Since being appointed as a shadow health minister in September I have been keen to spend some time on the front line to see what life is really like for hard-pressed NHS staff. So I recently spent a night shadowing an emergency medicine consultant at the Countess of Chester hospital... Until you are actually there it is difficult to comprehend just how relentless the job is. Staff were working at full tilt and the nature of the work was such that they could never catch up with the demand - even when 'it's not that bad for a Saturday night'.
In an increasingly capitalist world it is easy to give in to temptation, however, that is neither the ethos nor the mandate of a socialist NHS. Before forcing through change let us talk yet perhaps more importantly; let us listen. Only then we can devise a strategy on how to deliver the future, together.
At the minute many NHS staff are compromising their own health so they can provide basic patient care. Your workforce is exhausted and demoralised, and being told to make £22billion of efficiency savings in a setting already pared to the bone. I see these staff as my patients. When the stress gets too much, they come to me. Usually exhausted, often in tears. I feel like shaking you Mr Cameron. You absolute hypocrite. How dare you?
To a Brit, it is a truly frightening and confusing and bank account-draining system. We got our daughter to the nearest emergency medical centre in our arms, and the staff immediately asked us to complete two long forms for the insurance company, and for a swipe of our credit card (you'll notice this is a recurring theme) before they even inquired what was wrong with our little girl or showed any signs of compassion whatsoever. It makes you angry to witness. Money is absolutely the priority in any medical scenario here. The average cost of an ambulance ride in LA for instance is $1,200 (£800).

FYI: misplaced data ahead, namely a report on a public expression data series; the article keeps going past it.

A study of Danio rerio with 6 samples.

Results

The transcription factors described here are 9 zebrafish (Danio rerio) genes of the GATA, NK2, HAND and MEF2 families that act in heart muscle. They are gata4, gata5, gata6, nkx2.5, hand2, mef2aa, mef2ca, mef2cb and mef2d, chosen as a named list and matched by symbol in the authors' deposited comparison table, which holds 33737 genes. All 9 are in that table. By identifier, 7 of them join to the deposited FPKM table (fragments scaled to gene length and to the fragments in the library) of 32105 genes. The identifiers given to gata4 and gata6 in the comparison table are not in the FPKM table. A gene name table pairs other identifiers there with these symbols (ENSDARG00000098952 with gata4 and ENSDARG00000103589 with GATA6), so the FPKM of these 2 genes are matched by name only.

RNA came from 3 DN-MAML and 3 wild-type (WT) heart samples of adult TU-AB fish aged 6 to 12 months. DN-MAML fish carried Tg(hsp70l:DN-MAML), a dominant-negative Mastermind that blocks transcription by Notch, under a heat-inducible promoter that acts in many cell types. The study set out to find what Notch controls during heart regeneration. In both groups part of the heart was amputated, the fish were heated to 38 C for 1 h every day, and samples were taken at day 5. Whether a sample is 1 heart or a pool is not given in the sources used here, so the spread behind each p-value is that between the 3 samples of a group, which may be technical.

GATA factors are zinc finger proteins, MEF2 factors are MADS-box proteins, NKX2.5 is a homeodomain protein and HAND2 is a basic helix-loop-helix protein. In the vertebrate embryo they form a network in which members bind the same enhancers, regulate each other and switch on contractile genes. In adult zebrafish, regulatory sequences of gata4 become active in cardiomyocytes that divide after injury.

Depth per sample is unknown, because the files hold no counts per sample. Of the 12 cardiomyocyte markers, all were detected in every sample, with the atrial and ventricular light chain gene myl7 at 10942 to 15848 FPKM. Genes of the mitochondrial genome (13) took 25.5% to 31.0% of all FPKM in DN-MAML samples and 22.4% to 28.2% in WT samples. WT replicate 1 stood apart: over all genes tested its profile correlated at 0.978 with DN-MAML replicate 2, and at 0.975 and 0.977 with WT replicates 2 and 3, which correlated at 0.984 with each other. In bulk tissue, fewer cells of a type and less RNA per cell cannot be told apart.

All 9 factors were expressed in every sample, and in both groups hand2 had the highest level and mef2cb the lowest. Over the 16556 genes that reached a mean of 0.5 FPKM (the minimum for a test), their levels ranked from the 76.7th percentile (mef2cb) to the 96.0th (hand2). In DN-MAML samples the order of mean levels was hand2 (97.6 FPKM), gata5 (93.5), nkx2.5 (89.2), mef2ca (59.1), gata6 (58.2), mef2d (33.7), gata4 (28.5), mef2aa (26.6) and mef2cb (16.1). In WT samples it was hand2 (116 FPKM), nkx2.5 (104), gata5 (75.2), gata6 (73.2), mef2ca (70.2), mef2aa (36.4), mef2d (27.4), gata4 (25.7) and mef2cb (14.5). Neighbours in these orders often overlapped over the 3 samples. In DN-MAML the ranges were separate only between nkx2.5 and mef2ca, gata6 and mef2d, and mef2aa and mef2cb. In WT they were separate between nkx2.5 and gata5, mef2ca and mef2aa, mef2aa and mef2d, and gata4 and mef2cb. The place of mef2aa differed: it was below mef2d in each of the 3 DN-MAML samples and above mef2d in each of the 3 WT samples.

Although free at the point of delivery, the NHS is not a 'free for all' and though treatment is not rationed, it must be rational. Having spent 15 years in the same job, at the sharp end of the NHS, I have seen fancy ideas and initiatives change policy and procedure, trying to trim the cost of the service...
Only 3% of women in the UK are totally happy with their bodies...that is ABSOLUTELY CRAZY...even the slim people are bloody unhappy with their bodies...don't you get it? slimness shouldn't be the goal...happiness should be regardless of what size you are. I argue that being unhappy is THE most unhealthiest way to be.
For a long time awareness of what pharmacists do (in addition to dispensing medicines) and how they can help patients has been low. Yet pharmacists can support better patient centred care within health and social care, particularly with the support of other NHS colleagues. And that support is building.
Professor David Haslam, chairman of the National Institute of Health and Care Excellence (NICE), says in an interview with the Daily Telegraph, that patients should be more pro-active about their health and 'pushier' with their GPs. How realistic is his view, and where does our responsibility towards ourselves as patients start and that of a medical professional end?